Recently I’ve been watching a number of great documentaries about people who are masters in their fields. I watched Jiro Dreams of Sushi, a thoroughly inspiring depiction of 85-year-old master sushi chef Jiro Ono and his lifelong passion and devotion to his craft; I watched a documentary about Drew Struzan, a master illustrator who has made some of the most well-known movie-posters of all time, like Star Wars, Indiana Jones, Blade Runner, Back To The Future, etc. Lastly, I watched a documentary about Chinese artist and activist Ai Weiwei, a master at blurring the lines between art and politics. All highly recommended.
I love learning more about people who are exceptional, and have worked extraordinarily hard at attaining the level of excellence they’ve arrived at. Let’s face it: nobody gets to be a master without an unbelievable amount of energy and time put into perfecting a skill. Naturally, this is something I think about a lot, as an artist myself. I sometimes wonder how much effort I should put into perfecting my craft to become a true master… I certainly don’t work morning to night fine-tuning my singing, like Jiro Ono seems to do to this day when it comes to his sushi. I’m simply not as specialized in one area as he is, however much I would like to be. Yes, part of it has been that I’m easily distractible, but also I’m passionate about a number of things–one of them being life itself. Learning to live a well-balanced and healthy life are things that I’m incredibly passionate about right now.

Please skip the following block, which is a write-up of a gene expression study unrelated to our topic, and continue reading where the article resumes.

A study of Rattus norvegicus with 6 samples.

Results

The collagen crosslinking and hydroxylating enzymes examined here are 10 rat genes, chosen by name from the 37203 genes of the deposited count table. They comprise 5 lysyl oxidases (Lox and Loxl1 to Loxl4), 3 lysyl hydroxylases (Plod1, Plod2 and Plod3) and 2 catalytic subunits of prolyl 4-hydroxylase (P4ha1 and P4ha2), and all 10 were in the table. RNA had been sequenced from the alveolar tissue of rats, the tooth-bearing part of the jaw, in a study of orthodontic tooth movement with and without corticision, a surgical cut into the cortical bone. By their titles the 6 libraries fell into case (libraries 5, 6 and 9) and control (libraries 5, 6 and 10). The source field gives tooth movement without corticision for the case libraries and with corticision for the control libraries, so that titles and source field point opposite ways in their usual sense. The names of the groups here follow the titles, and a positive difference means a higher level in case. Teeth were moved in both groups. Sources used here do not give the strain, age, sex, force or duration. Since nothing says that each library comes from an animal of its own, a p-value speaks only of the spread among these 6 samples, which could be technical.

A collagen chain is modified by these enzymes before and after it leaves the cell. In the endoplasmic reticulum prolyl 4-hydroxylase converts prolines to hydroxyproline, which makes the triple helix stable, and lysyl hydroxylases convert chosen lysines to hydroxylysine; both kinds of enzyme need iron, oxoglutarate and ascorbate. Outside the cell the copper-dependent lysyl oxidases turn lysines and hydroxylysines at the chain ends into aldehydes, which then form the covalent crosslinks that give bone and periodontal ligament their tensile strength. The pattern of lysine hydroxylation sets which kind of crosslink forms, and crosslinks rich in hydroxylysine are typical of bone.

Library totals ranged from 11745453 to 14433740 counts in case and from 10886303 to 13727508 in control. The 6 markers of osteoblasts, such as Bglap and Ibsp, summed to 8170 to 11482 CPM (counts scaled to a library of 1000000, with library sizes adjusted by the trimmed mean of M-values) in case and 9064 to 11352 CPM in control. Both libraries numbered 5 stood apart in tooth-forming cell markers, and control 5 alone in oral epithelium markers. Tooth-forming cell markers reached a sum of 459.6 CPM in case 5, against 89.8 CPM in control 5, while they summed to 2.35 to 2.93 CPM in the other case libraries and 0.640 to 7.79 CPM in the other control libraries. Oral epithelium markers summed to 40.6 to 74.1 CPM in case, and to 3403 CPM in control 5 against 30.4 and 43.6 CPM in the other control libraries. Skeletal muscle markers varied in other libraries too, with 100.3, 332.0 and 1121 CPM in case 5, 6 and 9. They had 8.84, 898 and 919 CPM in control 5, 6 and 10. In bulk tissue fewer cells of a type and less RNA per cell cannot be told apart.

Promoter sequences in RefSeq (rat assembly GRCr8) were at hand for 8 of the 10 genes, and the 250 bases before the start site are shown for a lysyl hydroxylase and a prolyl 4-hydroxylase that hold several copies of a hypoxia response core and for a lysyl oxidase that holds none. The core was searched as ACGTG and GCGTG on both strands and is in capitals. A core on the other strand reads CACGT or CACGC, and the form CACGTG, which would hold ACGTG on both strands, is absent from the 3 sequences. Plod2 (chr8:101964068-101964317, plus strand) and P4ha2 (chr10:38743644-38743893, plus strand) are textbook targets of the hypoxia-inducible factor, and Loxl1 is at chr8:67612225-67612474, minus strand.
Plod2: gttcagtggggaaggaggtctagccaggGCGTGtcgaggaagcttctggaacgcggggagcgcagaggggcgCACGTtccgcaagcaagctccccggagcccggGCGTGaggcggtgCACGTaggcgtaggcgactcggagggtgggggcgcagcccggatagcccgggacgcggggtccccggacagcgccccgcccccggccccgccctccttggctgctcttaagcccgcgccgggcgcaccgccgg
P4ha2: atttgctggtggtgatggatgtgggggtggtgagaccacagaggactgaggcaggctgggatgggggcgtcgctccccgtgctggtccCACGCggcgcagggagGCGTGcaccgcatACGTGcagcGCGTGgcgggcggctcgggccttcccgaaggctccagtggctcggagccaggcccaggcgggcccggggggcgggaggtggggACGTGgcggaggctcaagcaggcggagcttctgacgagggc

So what am I saying? People, like the ones I mentioned are inspiring because they show us what can be done. For someone to break barriers, and go even further than those who came before displays what is possible, and makes it easier for the rest of us to exceed ourselves as well. The whole world improves because of these rare masters.
Mastery is incredible and awe-inspiring, and I often wish to attain it (and sometimes maybe I do!). My interests are perhaps too wide-spread for me to ever become a Jiro Ono, but there are still many things I can learn from him. I can learn to show up to do my work consistently; I can learn to simplify and organize my life; I can learn to put my best effort in every day, whatever I am doing, and I can learn to always keep growing and evolving. It is Jiro’s passion to create something new and mind-blowingly delicious every day, that keeps him going. Thus, whatever keeps me moving forward, I should follow that. Chances are those things will lead me to be more masterful at being Janita. Time will tell, what that means.
“Perfection is not attainable, but if we chase perfection we can catch excellence.”